The new Grand Boulevard Bridge over I-670 in downtown Kansas City, Missouri, re-opened on Friday morning.
Structural issues, such as falling chunks of concrete and cracks, led to an emergency bridge closure in May. The Missouri Department of Transportation decided the aging bridge should be torn down and replaced.
Brian Kidwell, assistant district engineer for MODOT, says projects like this can take years, but a city-state partnership expedited it.
"So just in a few months, we went from tearing down the bridge to actually standing out here and having this thing done," Kidwell says.
The state of Missouri contributed $3.5 million to construct the new bridge. The city of Kansas City spent $1.1 million for pedestrian, cycling, and vehicular upgrades.
Councilwoman Jolie Justus, of the city's 4th district, thanked state officials for asking for the city's input about what the bridge should include.
"And I am especially thankful to the men and the women who spent all the time putting this in, and getting it resolved so incredibly quickly," Justus said. "So, we can start calling our constituents back and say, 'It's open today, that’s when it’s going to open!'"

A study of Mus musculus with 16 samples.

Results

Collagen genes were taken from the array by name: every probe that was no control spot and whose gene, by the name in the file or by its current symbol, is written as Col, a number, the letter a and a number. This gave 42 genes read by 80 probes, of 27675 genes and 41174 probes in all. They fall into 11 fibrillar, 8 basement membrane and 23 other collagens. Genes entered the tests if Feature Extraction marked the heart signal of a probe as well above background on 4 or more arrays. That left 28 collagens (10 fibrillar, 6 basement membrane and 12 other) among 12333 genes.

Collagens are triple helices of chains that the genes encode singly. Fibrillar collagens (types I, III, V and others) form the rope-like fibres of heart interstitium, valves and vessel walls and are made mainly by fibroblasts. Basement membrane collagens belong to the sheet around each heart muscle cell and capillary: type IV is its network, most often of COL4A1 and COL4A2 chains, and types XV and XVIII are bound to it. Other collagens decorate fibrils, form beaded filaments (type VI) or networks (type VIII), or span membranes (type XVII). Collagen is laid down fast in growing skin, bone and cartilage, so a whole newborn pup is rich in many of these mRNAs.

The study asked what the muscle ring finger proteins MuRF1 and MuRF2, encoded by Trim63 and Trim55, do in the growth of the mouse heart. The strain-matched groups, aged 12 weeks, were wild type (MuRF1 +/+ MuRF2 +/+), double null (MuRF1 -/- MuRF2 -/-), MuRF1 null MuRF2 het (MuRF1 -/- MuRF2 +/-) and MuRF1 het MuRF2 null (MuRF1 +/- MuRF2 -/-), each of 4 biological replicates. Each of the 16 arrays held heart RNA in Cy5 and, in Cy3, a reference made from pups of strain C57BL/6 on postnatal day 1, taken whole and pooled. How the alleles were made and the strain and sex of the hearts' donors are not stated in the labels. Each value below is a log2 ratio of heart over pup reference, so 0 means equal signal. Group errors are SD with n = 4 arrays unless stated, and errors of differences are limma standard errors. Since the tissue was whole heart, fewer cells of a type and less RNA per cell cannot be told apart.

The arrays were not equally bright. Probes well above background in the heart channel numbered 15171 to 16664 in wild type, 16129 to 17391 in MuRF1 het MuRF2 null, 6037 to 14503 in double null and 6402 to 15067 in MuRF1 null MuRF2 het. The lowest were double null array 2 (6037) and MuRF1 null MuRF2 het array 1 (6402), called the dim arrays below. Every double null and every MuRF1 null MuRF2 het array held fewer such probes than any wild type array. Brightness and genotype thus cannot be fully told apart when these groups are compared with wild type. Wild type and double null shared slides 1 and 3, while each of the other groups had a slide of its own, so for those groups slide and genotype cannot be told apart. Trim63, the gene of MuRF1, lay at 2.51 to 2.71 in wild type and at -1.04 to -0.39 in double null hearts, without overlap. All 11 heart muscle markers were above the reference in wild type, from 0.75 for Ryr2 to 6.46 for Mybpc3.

For Woodfill, the new Grand Boulevard Bridge is an extension of a previous collaboration with MODOT and KCMO Public Works called Pedestrian Strands.
The project, completed in 2008, focused on the four bridges spanning I-670: Wyandotte, Baltimore, Main Street, and Grand Boulevard. Colored glass panels with abstracted photos, lighting, and wider sidewalks aimed to create a more pedestrian-friendly experience.
"When we first started [in 2006] there were really narrow sidewalks, it was a scary thing to walk across here," says Woodfill. "And now all four of these bridges are part of a pedestrian corridor that has an open flow of movement of pedestrians across from the Power & Light [District] into the Crossroads and back and forth."
This "latest iteration," as Woodfill puts it, re-works the glass panels. New additions include benches along the 12-foot sidewalks, bicycle lanes and acoustic buffering from the highway traffic.
"We've opened up a vista on the west side to really explore visually the landscape through the highway, and trying to celebrate the conditions that surround the downtown area," says Woodfill.
"We're real excited about what this means for public art for Kansas City and the future of this area."
Laura Spencer is an arts reporter at KCUR 89.3. You can reach her on Twitter @lauraspencer.